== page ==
From the Domesday Book to the dark archive, the Tudors to the Titanic, and Victorian prisons to propaganda, ‘Holding History’ explores many moments in history. This is the third instalment of a young person’s project run over the summer by the Education team, kindly funded by the Friends of The National Archives. For five dynamic days in August, a group of 14 young people transformed our conference suite into a film studio: researching, story boarding, creating artwork, script writing, recording and filming. ‘Holding History’ is the result – a beautiful film based entirely on the group’s interpretation of documents in The National Archives’ collections.
We invited young people with an interest in history and film to apply online. The 14 most accomplished responses were selected by the Education team and so the project began to take shape. The project was led by filmmaker Nigel Kellaway, with assistance from Kate Sullivan and Katia Potapova.
‘Holding History’ is our most ambitious film to date. It captures ‘flash points’ from 1,000 years of history. Before starting, the group were randomly allocated a flash point or theme which would be their scene in the film. This selection of flash points and related documents had been curated by the Education team in preparation that had taken many months. The overarching aim was to capture the wide range of material at The National Archives which reflects 1,000 years of British history. The team was careful to include documents which left the young people able to develop their own historical interpretation of the records. This was the driving force behind the project.
At an introductory day in July, the young people had the opportunity to tour the repositories, giving them a good understanding of the operation of the building. They also explored a wide range of documents such as Princess Elizabeth’s Tide Letter (EXT 11/25), telegrams from the Titanic enquiry (MT 9/920/C) and the volume of hoax ‘Jack the Ripper’ letters (MEPO 3/142). This gave the young people a taste of the unusual documents which represent ‘flash points’ in history. After some paper-modelling activities, the group was beginning to consider how to translate historical documents into animated artwork.
The Education classroom had never been so full of such a huge range of material: over 80 individual documents were included in special workshops on day one of the project week. The group spent the day looking through their selection and making a final decision on what would make the cut. Indy decided to focus on the history of Chartism using the story of William Cuffey from TS 36/43 and CRIM 10/28 as a way of exploring the theme of suffrage. Ruby worked with the original artwork from propaganda posters commissioned by the Ministry of Information, such as INF 3/229 ‘Keep Mum, she’s not so dumb!’ and INF 3/203 ‘Keep a lid on Hitler’. Eliza looked at a range of documents from the 1980s, but decided to focus on the AIDS public health campaign in the mid-1980s. She used PREM 19/1863 and T 632/33 to touch upon the background to the ‘Don’t die of ignorance’ public information film. This was the first time that many of the students had handled archive documents – Tallulah said it was ‘really cool to see everyone with their documents and very engaging’.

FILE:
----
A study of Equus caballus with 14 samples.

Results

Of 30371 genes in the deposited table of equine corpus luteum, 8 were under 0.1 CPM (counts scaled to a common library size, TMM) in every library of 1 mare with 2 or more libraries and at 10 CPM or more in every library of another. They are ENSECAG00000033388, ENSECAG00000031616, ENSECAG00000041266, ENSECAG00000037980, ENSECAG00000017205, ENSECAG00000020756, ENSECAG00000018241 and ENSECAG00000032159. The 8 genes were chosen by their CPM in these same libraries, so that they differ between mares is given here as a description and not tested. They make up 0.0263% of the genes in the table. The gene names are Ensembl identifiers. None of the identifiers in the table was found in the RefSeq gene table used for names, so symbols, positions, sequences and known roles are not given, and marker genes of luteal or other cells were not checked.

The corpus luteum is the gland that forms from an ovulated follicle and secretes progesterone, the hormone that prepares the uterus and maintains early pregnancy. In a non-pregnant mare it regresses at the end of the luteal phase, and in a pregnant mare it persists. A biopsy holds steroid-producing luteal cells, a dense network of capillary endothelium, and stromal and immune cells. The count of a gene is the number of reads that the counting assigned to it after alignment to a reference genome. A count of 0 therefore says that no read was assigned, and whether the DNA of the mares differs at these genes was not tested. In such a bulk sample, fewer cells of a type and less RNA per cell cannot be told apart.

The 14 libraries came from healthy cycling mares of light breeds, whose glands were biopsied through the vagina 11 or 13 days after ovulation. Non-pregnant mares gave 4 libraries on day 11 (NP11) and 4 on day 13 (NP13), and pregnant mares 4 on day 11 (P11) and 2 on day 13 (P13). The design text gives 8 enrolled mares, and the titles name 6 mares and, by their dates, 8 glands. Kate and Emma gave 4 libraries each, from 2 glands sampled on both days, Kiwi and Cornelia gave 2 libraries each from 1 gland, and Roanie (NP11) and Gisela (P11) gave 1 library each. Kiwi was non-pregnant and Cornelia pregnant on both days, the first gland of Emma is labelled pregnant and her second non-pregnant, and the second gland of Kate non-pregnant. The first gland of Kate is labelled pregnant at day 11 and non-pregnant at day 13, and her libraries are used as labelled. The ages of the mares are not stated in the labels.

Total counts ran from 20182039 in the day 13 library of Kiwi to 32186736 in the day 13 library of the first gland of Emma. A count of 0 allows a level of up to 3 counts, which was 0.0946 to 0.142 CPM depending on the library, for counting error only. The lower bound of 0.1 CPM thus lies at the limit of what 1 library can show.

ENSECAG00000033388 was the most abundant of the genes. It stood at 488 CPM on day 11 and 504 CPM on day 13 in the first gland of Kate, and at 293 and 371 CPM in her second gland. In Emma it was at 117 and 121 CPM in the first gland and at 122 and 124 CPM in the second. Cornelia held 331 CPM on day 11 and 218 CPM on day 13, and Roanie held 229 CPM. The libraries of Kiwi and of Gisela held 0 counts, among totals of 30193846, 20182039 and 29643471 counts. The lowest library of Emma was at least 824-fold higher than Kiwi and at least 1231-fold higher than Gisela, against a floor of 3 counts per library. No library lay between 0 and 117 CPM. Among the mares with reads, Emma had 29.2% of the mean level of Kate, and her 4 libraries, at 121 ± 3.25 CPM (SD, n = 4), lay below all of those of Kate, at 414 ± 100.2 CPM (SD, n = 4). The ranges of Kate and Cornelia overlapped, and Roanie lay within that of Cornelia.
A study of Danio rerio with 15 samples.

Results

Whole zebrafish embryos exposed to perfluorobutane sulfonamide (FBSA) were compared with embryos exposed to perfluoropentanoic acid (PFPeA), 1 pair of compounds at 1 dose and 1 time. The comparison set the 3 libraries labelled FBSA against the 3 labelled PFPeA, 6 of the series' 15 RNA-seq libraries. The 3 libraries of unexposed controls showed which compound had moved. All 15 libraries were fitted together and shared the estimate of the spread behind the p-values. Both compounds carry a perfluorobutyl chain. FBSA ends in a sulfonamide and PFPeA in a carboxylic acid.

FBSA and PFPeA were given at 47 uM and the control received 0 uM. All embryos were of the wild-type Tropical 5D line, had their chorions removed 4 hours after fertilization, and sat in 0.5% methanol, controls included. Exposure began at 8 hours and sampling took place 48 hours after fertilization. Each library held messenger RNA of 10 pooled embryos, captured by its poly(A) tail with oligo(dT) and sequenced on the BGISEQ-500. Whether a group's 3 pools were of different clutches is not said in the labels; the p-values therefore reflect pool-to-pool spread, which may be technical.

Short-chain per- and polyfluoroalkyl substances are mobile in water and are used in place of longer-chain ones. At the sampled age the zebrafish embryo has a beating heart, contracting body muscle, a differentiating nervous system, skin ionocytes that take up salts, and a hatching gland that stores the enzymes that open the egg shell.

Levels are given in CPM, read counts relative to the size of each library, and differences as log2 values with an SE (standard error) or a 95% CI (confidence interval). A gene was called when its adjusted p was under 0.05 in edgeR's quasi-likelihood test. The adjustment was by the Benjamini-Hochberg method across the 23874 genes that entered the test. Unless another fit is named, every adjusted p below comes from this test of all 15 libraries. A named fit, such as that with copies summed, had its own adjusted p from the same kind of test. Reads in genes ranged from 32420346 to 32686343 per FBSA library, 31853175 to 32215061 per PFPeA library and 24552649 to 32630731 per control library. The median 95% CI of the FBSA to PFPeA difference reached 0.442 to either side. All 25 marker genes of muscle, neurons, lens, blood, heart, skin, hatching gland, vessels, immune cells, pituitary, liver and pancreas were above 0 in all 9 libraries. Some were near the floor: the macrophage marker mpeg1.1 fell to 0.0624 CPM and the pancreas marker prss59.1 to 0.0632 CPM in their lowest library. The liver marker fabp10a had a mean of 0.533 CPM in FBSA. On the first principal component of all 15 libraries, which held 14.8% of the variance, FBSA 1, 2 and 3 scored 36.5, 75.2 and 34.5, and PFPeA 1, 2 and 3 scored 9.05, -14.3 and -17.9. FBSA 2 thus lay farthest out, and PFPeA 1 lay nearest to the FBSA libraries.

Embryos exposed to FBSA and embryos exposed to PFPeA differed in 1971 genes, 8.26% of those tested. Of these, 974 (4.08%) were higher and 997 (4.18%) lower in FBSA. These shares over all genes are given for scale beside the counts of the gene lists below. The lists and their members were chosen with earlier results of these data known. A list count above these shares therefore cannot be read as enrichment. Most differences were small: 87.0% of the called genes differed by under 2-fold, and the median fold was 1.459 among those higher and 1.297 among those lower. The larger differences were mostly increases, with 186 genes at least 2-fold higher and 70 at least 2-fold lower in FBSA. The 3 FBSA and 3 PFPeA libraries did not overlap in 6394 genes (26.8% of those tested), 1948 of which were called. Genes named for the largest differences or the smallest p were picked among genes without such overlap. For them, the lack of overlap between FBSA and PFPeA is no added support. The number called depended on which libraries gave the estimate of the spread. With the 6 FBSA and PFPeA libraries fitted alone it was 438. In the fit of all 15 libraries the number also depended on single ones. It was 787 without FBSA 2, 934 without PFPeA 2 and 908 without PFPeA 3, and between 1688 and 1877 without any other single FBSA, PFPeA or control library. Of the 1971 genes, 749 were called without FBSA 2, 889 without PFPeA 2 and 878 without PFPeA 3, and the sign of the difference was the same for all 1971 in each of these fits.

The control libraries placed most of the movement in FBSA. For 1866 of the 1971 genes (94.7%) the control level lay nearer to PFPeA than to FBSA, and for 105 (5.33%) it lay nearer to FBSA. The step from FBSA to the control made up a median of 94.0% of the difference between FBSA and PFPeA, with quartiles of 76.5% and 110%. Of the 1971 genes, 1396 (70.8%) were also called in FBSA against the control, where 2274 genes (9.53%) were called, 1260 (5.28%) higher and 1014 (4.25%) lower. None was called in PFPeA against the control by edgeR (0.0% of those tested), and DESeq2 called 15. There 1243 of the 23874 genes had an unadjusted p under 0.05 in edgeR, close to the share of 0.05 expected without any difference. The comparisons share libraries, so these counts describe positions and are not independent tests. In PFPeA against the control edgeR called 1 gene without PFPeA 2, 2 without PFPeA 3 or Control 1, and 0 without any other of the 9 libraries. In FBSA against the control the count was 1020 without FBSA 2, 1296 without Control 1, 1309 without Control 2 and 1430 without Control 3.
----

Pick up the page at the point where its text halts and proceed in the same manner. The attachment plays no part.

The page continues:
The young people quickly grappled with the written material, and were straight into creating their artwork by Tuesday morning. After storyboarding activities and modelling ideas, the Windrush ship, Jamaican maroons, and Thomas Fariner’s oven, among others, sprung into life. Very quickly any free space on the tables and floor was covered in growing set pieces, paint, glue and drawings.
It was inspiring to see how the young people executed their visions, and how their confidence grew. Nigel, Kate and Katia’s patience and dedication to achieving high-quality results ensured that the group’s buoyancy swelled. The Education team were also put to work keeping up with the artistic demands of such a fabulous group of young people. Something we kept hearing over the week was that the opportunity to be creative was relaxing, which Maisy said was ‘something [she] never [does] because of studying’.
By the middle of the week, the film studio was buzzing with creative energy which kept motivation high. Many of the young people were arriving early and staying late to ensure that they were able to complete their scenes. As well as creating scenery and using animation technology, the group[ also had to script and record voice-overs for their scenes. This was another opportunity for them to convey their own interpretation of the documents and to emphasise their own style of filmmaking. Many of the group commented that the patience required for stop-motion filmmaking was challenging, but as Yasmin commented ‘watching the footage back made it all worth it’.
Challenging, tiring, fun, creative, sociable, tranquil and engaging are just some of the words which the group have used to describe their week.
I will leave it to Hayerin and Jenny to explain why opportunities like this are so vital and rewarding:
I think learning about preservation and discovering history for ourselves is really fulfilling.
I think it’s really important to give young people a chance to understand the archives and what they do.